Year Up offers urban young adults a chance at a better life. It also offers a model of training that educators, managers and HR professionals should pay attention to.
I recently had the pleasure of visiting the birthplace of Year Up. Like many successful startups, the original space in Boston's financial district is funky, distinctive and graced with personal touches. Creaky wood floors are warmed by oriental rugs; high ceilings with exposed pipes provide architectural interest; colorful handprints of the members of the first graduating class claim the wall of the common area, where visitors and students can relax on oversize leather sofas and chairs.
While Year Up's leaders are fond of their original space, locations in Atlanta, Providence, New York, San Francisco and Washington (with Chicago and Seattle soon to follow) have assumed more corporate settings. This is meant to help the students acclimate to a typical work environment from the start.
This focus on business sets Year Up apart. It combines a powerful vision (“In the future, every urban young adult will have access to the education, experiences and guidance required to realize his or her true potential") with the application of sound management principles to help students succeed and to provide businesses with a reliable source of well-trained, well-rounded entry-level employees.
The program provides students with marketable job skills (currently in IT help desk, desktop support and investment operations); stipends so they can focus on their studies; six months of business experience through internships with corporate partners, and 18 college credits.
The program includes training in business etiquette and communication. “It's one thing to train in the technology skills," says Mary Finlay, deputy CIO at Partners Healthcare in Boston, one of the original corporate partners of Year Up. “There are a number of worthy programs out there that do that.... But Year Up also covers the basics of how to show up on time, how to act [and dress] appropriately and how to deal with difficult situations." As a result, students are “ready and able" to be productive when they show up for their internships, Finlay says.
Year Up inculcates a set of Values and Guiding Principles as part of its “high support, high expectation model." This includes how to give and receive feedback in a positive way.
Another thing that distinguishes Year Up from other programs is that it provides ongoing support once interns are placed. Every intern is assigned an advisor, with whom they meet once a week to receive coaching and talk through new experiences and problems. They also are assigned an outside mentor with whom they speak at least once a month.
Supervisors at partner companies go through an orientation and have access to Year Up staff whenever they want it. First-time managers benefit from the indirect coaching they get from Year Up staff – themselves an impressive lot, with backgrounds in business and non-profit management, academia and international development.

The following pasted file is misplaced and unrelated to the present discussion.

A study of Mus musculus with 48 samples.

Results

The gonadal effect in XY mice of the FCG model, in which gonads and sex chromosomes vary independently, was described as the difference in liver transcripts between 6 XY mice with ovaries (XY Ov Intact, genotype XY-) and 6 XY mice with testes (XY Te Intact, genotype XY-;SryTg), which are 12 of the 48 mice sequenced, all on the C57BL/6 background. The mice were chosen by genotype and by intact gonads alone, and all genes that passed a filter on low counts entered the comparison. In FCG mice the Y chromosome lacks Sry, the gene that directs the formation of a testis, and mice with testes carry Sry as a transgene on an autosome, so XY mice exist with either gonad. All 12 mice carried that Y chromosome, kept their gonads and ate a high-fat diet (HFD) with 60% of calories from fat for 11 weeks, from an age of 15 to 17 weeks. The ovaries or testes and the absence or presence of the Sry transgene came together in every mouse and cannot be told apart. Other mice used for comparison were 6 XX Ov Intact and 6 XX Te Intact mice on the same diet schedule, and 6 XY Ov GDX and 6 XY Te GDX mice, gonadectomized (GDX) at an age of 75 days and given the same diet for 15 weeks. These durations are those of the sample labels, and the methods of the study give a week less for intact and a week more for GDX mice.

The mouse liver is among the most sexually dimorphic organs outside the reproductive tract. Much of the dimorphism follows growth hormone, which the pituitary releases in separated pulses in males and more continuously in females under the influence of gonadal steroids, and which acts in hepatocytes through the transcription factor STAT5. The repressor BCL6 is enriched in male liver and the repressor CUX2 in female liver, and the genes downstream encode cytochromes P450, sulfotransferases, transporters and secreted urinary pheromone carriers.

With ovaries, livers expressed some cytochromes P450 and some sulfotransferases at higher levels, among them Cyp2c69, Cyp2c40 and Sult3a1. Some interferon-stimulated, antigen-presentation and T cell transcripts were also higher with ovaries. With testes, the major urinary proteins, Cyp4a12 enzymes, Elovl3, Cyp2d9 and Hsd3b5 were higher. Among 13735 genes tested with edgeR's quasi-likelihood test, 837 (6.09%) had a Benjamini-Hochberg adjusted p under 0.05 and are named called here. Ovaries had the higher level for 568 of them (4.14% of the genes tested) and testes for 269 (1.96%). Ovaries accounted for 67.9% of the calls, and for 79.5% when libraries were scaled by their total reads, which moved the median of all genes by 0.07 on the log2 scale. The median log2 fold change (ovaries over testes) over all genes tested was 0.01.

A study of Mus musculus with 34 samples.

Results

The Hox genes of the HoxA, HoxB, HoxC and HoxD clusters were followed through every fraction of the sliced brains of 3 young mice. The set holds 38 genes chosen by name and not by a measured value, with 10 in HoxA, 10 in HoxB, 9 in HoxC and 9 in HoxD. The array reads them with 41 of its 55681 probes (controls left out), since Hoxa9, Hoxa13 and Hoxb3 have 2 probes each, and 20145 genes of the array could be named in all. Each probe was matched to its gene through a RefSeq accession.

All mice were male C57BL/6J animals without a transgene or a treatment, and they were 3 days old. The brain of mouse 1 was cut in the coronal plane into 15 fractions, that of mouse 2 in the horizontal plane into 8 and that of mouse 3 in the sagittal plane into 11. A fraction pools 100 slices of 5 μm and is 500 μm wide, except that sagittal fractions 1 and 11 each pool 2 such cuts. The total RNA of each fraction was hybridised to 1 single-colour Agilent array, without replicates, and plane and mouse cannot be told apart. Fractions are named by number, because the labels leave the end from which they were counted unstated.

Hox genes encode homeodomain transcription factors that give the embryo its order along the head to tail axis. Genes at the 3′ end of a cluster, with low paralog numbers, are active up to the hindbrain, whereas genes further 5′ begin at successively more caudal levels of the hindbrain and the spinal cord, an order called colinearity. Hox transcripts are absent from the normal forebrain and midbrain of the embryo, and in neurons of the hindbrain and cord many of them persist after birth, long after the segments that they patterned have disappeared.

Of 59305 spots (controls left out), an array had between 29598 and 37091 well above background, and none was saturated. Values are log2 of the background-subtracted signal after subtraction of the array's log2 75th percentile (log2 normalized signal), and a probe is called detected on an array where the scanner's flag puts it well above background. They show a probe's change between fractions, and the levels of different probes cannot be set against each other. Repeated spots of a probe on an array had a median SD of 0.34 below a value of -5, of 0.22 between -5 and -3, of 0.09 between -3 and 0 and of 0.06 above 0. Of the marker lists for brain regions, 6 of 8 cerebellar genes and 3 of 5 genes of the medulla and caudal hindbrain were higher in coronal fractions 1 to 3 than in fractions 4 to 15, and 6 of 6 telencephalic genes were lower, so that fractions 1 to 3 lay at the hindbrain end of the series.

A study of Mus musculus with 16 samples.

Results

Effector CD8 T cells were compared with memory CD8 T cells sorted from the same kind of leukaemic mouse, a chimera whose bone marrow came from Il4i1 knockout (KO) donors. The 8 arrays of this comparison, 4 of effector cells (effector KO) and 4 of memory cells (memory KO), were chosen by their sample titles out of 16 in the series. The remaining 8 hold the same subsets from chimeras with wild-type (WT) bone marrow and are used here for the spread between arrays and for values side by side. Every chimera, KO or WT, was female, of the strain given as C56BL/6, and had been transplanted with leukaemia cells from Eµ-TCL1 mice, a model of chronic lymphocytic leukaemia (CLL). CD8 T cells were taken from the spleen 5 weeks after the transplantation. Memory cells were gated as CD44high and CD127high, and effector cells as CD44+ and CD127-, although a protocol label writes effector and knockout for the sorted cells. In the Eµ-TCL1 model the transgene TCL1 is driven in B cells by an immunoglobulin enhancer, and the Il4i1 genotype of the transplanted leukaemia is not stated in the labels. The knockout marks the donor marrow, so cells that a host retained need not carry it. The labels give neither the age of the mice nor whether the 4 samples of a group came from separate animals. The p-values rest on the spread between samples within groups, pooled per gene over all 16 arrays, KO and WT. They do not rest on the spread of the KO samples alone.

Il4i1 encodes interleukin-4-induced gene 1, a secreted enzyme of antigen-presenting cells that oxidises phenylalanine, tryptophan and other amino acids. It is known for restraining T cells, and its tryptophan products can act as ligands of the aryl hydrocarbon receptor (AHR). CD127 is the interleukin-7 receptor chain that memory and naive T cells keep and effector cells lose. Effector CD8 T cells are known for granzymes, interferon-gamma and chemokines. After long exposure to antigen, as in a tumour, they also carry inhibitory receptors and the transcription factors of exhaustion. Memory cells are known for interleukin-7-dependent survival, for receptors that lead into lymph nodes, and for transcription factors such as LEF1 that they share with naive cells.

All of this is designed to make sure students are successful or, in the one in 10 instances where things don't work out, to gracefully move that person out and replace them with another intern, with as little disruption to the company as possible.
There are additional benefits for corporate partners. For example, companies like Partners that care about diversity see Year Up as a valuable part of their sourcing strategy. And managers get a lot out of it too. “My managers love the opportunity to be able to take in an intern, provide mentoring and coaching, and give these young men and women their first break in their careers," says Finlay. “They see it as one of their benefits."
Founded by businessman Gerald Chertavian 10 years ago, Year Up has been honored by Fast Company and The Monitor Group with its Social Capitalists Award for world-changing non-profits. President Obama visited the Washington site in June and praised it in his press conference that week.
In its first year, Year Up graduated 22 students. This year the Boston chapter alone turned out almost 300, with over 1,500 students going through the program nationally. But that's not even close to the most interesting stat. Get this:
- 83% student retention
- 100% placement of qualified students into internships
- 90% of interns meet or exceed partner expectations
- 87% of graduates placed in full or part-time positions
- $15/hr average wage at placement
This is all the more impressive considering that national retention rates for students at two-year public colleges is only 54 percent – not apples to apples, but it gives you an idea.
Partners Healthcare takes 8 to 10 interns from each class, and hires a number of graduates every year. Finlay is explicit that this is not just altruism. “Right now it might not be so hard to get talent, but the pendulum is going to swing back." She recommends the program to other CIOs, saying, “develop the partnership now, get used to working with Year Up and make it part of your sourcing strategy so you're already engaged and not scrambling to get things in place" when the economy picks back up.
Year Up currently operates in Boston, Atlanta, Providence, New York, San Francisco (Bay area) and Washington and expects to open chapters in Chicago and Seattle next. CIOs interested in learning more about becoming a corporate partner should contact the local chapter. Individuals can get involved by serving as guest speakers, job coaches, college application advisors, mentors, curriculum coaches or instructors, or by making a donation.